By Brian Howey
The Hendricks County Flyer
Mon Sep 17, 2012, 04:38 PM EDT
I've heard this story over and over again from relatives, friends, even the Sears salesman here who sold me a refrigerator and I've experienced it myself: Because of the polarized nature of today's politics, old friendships are ending.
Friends can no longer talk politics among those who have a difference of opinion. There is the point, counterpoint, and over 10 or 15 minutes it gets emotional, then heated. Often, one side shuts down: "I'm not going to talk about politics anymore."
People are getting angry when a Tea Party friend sends them birther or Sheriff Joe videos via e-mail. The conservatives cannot fathom how anyone could be so stupid to support Barack Obama.
I watched the Democratic National Convention Tuesday night on Fox News. Somewhere between Bill O'Reilly and Sean Hannity I moved into another room to catch a Sox/Twins score, and the muffled rancor permeated through as if the Bickersons were next door.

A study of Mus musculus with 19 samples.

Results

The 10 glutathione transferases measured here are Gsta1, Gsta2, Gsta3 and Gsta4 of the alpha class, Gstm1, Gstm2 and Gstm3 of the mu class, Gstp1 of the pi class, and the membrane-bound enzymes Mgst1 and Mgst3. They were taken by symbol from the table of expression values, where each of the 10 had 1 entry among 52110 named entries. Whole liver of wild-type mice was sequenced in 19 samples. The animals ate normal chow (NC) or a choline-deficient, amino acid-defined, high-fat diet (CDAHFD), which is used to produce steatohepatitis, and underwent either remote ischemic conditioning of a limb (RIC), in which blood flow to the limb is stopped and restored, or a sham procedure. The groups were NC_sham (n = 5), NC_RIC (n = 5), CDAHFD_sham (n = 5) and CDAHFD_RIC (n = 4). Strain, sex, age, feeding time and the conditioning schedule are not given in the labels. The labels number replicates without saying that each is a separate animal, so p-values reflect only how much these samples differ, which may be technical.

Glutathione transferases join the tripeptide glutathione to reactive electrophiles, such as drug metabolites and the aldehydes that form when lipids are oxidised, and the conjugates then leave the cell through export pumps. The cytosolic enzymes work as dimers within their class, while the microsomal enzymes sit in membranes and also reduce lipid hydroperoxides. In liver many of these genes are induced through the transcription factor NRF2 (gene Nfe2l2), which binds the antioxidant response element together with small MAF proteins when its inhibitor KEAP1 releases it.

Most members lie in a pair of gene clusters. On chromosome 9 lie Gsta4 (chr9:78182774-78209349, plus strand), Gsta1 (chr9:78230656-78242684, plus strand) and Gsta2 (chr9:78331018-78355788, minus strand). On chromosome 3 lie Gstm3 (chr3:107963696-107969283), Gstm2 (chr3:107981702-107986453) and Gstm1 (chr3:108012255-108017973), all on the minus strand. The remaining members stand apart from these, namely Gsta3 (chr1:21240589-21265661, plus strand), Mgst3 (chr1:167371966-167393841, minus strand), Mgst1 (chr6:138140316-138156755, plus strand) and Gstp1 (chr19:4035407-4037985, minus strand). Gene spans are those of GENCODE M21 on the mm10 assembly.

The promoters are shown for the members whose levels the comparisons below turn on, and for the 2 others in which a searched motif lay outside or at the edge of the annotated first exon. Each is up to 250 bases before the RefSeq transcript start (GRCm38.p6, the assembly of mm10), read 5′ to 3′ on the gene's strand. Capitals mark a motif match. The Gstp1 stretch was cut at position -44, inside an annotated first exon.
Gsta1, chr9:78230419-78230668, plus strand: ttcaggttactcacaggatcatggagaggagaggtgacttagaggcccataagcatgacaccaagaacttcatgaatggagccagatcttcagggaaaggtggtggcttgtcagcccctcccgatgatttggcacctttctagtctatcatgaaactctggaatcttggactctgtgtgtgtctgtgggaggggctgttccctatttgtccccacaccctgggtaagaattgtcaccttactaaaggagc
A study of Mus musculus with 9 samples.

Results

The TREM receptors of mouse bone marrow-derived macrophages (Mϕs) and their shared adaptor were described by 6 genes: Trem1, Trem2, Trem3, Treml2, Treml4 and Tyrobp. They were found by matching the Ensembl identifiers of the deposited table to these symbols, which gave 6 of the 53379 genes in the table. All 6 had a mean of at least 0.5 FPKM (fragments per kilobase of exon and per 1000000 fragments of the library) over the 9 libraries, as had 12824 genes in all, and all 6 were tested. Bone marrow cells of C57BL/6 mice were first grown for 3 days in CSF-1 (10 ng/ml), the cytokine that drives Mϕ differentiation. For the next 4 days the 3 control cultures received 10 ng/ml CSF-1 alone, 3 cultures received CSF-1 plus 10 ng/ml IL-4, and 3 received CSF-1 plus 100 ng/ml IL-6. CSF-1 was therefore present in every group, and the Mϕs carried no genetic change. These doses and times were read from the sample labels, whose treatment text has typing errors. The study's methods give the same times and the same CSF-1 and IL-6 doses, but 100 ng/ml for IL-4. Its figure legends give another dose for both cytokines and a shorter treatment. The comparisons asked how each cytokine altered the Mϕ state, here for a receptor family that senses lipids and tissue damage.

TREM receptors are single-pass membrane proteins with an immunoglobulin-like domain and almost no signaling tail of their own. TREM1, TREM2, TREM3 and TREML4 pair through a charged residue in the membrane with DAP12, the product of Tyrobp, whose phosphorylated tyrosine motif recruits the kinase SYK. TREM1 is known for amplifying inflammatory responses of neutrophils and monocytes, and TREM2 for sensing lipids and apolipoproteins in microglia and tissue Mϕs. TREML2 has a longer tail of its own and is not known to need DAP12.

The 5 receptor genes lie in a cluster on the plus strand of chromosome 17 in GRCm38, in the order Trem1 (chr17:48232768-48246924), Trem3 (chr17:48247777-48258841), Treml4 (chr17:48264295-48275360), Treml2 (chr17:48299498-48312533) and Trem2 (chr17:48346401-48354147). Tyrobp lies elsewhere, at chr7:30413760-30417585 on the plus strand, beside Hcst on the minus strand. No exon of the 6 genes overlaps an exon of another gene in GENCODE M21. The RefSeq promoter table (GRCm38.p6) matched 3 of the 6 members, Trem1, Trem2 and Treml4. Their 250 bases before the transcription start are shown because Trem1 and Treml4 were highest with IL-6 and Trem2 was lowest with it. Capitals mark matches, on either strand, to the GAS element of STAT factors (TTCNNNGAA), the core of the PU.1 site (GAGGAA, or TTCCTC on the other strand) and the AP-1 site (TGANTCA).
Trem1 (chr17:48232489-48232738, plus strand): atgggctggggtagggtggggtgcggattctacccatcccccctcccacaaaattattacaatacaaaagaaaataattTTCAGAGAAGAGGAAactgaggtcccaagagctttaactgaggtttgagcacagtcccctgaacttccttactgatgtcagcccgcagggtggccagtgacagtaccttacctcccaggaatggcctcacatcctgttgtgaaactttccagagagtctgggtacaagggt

It was a national quarrel.
We are a divided, sneering nation. Tolerance has been replaced by suspicion.
The Real Clear Politics composite on the presidential race stood at 46.8 percent for both Mitt Romney and President Obama on Wednesday, an absolute dead heat. The RCP Congressional generic stood at 44.2 percent for both Republicans and Democrats. I can't ever remember a time when a presidential race and the Congressional generic were absolutely tied at the same time. President Obama's job approval stood at 47.3 percent approve and 48.8 disapprove. The RCP Electoral College map stood at 221 for Obama and 191 for Romney with Indiana in the "leans Romney" lighter shade of red.
Romney isn't faring much better. Gallup reported he received no polling "bounce" after the convention. A Pew Research poll revealed 20 percent found Clint Eastwood's weird interview with an empty chair the "highlight" of the convention, compared to 17 percent who said Romney's acceptance speech was.